CODA winning Best Picture and the inclusion of the Deaf Community
PEORIA (25 NEws) - CODA, the 2021 film surrounding the only hearing member in a deaf family, won Best Picture at the 2022 Academy Awards. Along with that prestigious accolade, Troy Kotsur won the Oscar for Best Supporting Actor and the writer and director won the award for Best Adapted Screenplay. Kotsur also is the first Deaf man to win an Oscar for Acting and the second Deaf individual overall to win an Oscar, the first being Marlee Matlin in 1986. The critical acclaim this movie has received has also shined a light on a community that often goes ignored in popular culture, the Deaf Community.
The name of the film, “CODA,” is also an acronym standing for “child of deaf adult.” The film was widely viewed as very positive for the deaf community, including by many in the community, believing that the movie was a good depiction of deaf characters as self-sufficient and active, compared to past depictions.
For other CODAs, this film is more relatable than pretty much any other film as it tells the story from a perspective that often gets untold in popular culture.
“As a CODA, I think that I felt actually represented by the movie really well. And it’s such a weird niche of people that are typically not represented. And when I say coda, like I’m talking about my experience of growing up in Deaf culture, but as a part of hearing society.” Said Brenda Nedved, CODA, and Special Education Teacher.
Dr. Stephanie Gardiner-Walsh is an Assistant Professor of Dead Education at Illinois State University and she is a CODA. She also has a progressive genetic hearing loss, so her children are also CODA. She discussed the film with us today and how it is viewed in the Deaf Community both positively and negatively.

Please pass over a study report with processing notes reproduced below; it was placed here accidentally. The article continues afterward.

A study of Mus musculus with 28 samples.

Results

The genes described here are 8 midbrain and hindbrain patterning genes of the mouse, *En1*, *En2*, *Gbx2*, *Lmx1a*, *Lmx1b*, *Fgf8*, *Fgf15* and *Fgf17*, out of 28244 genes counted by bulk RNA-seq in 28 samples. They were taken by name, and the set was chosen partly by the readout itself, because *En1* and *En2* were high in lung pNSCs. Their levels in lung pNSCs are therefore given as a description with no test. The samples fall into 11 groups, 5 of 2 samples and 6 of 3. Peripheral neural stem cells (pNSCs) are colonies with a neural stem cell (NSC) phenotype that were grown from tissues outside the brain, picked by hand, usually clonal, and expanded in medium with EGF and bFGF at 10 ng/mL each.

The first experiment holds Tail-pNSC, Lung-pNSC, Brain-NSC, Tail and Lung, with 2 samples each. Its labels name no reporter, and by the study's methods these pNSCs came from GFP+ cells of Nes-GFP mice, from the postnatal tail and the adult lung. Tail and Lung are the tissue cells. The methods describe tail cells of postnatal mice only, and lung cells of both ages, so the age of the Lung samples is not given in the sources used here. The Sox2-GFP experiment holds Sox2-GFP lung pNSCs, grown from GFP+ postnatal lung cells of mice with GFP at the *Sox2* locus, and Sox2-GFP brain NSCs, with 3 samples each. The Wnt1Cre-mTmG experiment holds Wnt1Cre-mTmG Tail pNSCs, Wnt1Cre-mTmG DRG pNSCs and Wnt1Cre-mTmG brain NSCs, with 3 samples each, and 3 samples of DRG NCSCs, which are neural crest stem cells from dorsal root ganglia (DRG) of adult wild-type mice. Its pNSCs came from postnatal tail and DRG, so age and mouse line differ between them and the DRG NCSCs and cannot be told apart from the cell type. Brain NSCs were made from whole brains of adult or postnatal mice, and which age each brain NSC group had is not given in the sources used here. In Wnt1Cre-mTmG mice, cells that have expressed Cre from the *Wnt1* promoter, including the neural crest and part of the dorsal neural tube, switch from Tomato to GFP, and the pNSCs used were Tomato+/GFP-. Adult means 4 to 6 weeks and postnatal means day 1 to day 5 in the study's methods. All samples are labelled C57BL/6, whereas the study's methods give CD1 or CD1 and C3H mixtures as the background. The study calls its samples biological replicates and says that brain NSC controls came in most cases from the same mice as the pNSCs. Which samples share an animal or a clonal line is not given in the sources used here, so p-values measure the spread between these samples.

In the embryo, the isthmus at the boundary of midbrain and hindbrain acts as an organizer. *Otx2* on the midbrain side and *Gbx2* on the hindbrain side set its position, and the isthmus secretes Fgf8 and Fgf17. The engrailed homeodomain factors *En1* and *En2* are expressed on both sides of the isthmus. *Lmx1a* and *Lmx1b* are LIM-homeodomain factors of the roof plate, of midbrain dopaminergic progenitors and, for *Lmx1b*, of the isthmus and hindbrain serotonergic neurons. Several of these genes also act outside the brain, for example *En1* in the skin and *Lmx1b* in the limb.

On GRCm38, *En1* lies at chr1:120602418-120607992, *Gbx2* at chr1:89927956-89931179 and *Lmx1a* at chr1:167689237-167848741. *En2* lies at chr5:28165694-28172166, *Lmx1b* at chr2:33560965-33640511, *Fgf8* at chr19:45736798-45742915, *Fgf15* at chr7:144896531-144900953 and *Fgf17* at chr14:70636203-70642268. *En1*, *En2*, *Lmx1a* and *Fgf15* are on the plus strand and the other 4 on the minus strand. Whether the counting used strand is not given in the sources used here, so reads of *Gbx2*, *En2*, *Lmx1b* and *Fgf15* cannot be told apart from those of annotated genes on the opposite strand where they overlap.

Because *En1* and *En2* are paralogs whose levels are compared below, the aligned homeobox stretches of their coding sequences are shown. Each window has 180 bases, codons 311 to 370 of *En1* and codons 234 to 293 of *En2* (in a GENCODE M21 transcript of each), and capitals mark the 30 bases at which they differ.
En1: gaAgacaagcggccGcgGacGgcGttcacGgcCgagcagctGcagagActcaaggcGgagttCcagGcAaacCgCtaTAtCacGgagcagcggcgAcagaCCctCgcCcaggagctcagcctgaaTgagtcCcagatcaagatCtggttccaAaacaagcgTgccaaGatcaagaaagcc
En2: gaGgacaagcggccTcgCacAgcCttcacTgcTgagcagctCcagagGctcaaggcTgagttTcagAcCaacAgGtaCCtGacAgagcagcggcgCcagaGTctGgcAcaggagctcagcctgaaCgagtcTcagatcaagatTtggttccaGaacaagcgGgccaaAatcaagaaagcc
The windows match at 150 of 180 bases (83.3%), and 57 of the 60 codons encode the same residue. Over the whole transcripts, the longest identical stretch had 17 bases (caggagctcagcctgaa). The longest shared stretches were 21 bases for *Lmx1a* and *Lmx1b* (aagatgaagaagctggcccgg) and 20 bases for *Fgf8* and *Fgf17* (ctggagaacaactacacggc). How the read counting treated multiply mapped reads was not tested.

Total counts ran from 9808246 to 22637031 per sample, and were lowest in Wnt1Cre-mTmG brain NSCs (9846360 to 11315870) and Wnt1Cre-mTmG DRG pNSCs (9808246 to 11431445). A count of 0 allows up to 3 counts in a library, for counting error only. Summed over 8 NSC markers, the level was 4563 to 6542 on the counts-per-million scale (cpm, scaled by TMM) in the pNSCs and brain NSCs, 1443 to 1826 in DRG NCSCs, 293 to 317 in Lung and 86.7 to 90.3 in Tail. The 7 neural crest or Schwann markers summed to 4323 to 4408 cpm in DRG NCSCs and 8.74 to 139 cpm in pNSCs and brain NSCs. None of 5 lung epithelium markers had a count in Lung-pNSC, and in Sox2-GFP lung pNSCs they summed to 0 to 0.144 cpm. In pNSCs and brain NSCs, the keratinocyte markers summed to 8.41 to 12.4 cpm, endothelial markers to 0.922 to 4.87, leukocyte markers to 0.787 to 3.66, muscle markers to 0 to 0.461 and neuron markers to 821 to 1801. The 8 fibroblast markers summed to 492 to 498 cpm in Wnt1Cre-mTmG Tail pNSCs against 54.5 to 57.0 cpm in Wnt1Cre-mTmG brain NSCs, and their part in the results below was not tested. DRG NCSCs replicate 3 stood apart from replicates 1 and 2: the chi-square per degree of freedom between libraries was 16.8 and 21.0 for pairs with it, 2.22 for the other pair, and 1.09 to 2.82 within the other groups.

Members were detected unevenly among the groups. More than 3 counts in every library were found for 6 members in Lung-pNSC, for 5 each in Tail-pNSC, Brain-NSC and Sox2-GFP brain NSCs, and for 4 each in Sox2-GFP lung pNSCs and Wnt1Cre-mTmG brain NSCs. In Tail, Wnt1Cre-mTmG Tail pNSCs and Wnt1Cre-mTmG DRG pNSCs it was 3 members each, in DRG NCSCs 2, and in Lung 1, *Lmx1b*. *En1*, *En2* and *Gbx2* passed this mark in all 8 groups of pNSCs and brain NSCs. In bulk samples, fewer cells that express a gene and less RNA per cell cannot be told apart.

“I really feel like the Deaf community has just loved seeing Sign Language present on the screen and on the stage of the Oscars and being able to communicate directly without having to go through a facilitator or an interpreter.” Said Dr. Gardiner-Walsh.
She compared the representation of the Deaf Community to a few years ago when there was a significant outcry from the public when the Academy Awards seemingly snubbed prominent black roles from the Awards and believes that representation and inclusion are deeply important.
“I think it’s really important to include deaf people and people with disabilities in our pop culture because we have a different experience in life but we are part of the population.” Said Dr. Gardiner-Walsh.
As mentioned earlier, the critique is not all positive. The Deaf Community has some significant criticisms of the film, specifically the way it was written, from the hearing perspective.
“There’s a lot of people who are criticizing because they say you know it shows Deaf people as not enjoying and not understanding and not experience music but deaf people love music.” Said Dr. Gardiner-Walsh. She went on to talk about how a great majority of the Deaf Community love music, they just experience it in a different way. She said that watching Marching Band was so interesting because the music was told through movements.
She has heard from others in the Deaf Community discussing CODA and despite being positive and proud that Troy Kotsure won his Award, it still isn’t quite enough, not quite full inclusion.
“I’m so happy that the deaf actor got the award and like yes this is like power for us but like it’s still not our story.” Dr. Gardiner-Walsh said regarding the feedback she has heard from the Community.
Despite the seemingly mixed reaction from the Deaf Community, Dr. Gardiner-Walsh still believes this is generally positive, and a great step in the right direction in including the Deaf Community along with other disabilities.
“Being able to look at that stage and see that is who I can be? Power...power.”